While record snowfalls have pounded the Northeast in what's shaping up to be one of that region's most brutal winters, the Midwest has been comparatively unscathed. Not this time: Up to two feet of snow was forecast for some cities, and the storm was expected to carve a frigid path from Colorado to New England by week's end. Thunderstorms and tornadoes were possible further south.
The National Weather Service, meanwhile, suggested any Green Bay Packers fans planning to road trip from Wisconsin to Dallas for the Super Bowl not leave before Wednesday afternoon, by which time authorities hope to have responded to the worst of the weather along the route.
For now, officials are urging residents in the storm's path to stay put.
"We don't like to stop for anything, weather or otherwise," said weather service meteorologist Edward Fenelon in Chicago. "But this may be one of those storms best handled from the comfort of the great indoors."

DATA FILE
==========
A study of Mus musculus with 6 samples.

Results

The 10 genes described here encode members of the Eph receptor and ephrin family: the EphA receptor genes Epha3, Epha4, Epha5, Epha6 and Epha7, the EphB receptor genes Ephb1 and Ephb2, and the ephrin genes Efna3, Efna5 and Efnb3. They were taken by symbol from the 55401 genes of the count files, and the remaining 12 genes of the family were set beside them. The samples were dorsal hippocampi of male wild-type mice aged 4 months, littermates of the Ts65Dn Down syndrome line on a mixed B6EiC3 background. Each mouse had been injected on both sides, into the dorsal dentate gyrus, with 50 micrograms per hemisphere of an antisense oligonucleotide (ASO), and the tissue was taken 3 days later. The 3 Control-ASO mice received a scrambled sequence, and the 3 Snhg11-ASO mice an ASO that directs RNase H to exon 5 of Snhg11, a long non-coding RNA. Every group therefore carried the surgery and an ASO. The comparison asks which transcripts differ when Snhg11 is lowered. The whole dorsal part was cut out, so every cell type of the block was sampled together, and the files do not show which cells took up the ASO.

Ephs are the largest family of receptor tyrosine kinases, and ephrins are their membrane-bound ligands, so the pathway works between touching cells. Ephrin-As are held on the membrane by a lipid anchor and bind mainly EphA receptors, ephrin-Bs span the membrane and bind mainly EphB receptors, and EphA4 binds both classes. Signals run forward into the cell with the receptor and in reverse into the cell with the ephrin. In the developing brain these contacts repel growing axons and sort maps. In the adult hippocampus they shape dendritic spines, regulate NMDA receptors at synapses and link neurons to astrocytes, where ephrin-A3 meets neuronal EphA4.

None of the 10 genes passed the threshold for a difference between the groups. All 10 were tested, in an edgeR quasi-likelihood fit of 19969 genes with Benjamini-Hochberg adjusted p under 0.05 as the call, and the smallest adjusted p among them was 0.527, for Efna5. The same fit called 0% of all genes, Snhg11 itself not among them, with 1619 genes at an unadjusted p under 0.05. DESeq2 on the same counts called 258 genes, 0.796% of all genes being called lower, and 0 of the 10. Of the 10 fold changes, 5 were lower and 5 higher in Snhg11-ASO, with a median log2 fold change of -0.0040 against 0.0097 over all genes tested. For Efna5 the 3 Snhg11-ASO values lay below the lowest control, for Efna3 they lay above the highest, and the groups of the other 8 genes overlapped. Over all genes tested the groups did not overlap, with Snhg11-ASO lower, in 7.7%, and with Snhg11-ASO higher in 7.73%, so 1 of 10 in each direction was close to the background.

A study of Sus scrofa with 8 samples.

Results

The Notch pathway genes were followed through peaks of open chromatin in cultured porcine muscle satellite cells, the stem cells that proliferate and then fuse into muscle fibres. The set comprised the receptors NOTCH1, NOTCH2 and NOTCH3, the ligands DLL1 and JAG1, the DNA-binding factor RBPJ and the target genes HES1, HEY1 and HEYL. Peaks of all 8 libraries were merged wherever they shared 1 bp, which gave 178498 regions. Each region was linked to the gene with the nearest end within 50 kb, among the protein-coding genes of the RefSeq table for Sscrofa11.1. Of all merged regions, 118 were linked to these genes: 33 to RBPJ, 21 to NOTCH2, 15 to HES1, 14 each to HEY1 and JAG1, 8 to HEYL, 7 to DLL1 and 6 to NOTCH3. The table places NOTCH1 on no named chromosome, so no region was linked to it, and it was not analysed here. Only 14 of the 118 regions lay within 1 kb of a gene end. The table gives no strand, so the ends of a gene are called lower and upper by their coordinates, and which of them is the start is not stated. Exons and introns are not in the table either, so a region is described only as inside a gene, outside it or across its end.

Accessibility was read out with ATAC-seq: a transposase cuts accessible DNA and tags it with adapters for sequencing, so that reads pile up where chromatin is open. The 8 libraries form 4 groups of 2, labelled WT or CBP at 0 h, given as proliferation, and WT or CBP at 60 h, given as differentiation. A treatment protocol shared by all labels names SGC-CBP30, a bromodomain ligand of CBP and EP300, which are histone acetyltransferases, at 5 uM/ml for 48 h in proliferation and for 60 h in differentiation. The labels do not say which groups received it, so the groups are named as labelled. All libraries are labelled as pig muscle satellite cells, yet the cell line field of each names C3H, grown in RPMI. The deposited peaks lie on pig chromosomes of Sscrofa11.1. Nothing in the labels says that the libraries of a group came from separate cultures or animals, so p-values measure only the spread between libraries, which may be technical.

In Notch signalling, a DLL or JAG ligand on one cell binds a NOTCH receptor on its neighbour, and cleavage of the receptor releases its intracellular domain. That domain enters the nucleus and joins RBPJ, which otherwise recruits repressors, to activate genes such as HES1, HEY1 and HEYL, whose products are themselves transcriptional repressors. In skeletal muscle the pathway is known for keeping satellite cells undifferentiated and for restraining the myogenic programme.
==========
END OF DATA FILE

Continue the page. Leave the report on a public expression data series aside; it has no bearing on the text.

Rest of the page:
- The weather service said the storm could drop up to an inch of freezing rain and issued a blizzard watch for Tuesday and Wednesday for southern Wisconsin, northern Illinois and northwest Indiana. Snow drifts of 5 feet to 10 feet were possible and the service said Tuesday that winds could reach up to 60 mph in open areas and near Lake Michigan.
- Forecasters predicted between 12 inches and 16 inches of snowfall in Columbia, where the university's men's basketball team prepared to leave a day early for a road game at Oklahoma State University scheduled for Wednesday night in Stillwater.
- Indiana Gov. Mitch Daniels directed his state's Department of Homeland Security to coordinate preparations and his office was meeting with utility companies, local emergency agencies, the state highway department and National Guard.
Freezing drizzle coated roadways across the Plains. A school bus slid off the road in a south Kansas City, Mo., school district, slightly injuring two students. A Wisconsin state trooper was struck and seriously injured while directing traffic around another accident, while the Minnesota State Patrol reported more than 200 crashes statewide, including one authorities said was fatal.
After burying the Midwest, the storm was expected to sweep into the Northeast, parts of which already are on track for record snowfall this winter. In New Hampshire, where pedestrians have been forced to walk in the street in some places because of piled-up snow, crews rushed to remove it before a new foot or so fell on the state.
The Associated Press contributed to this story.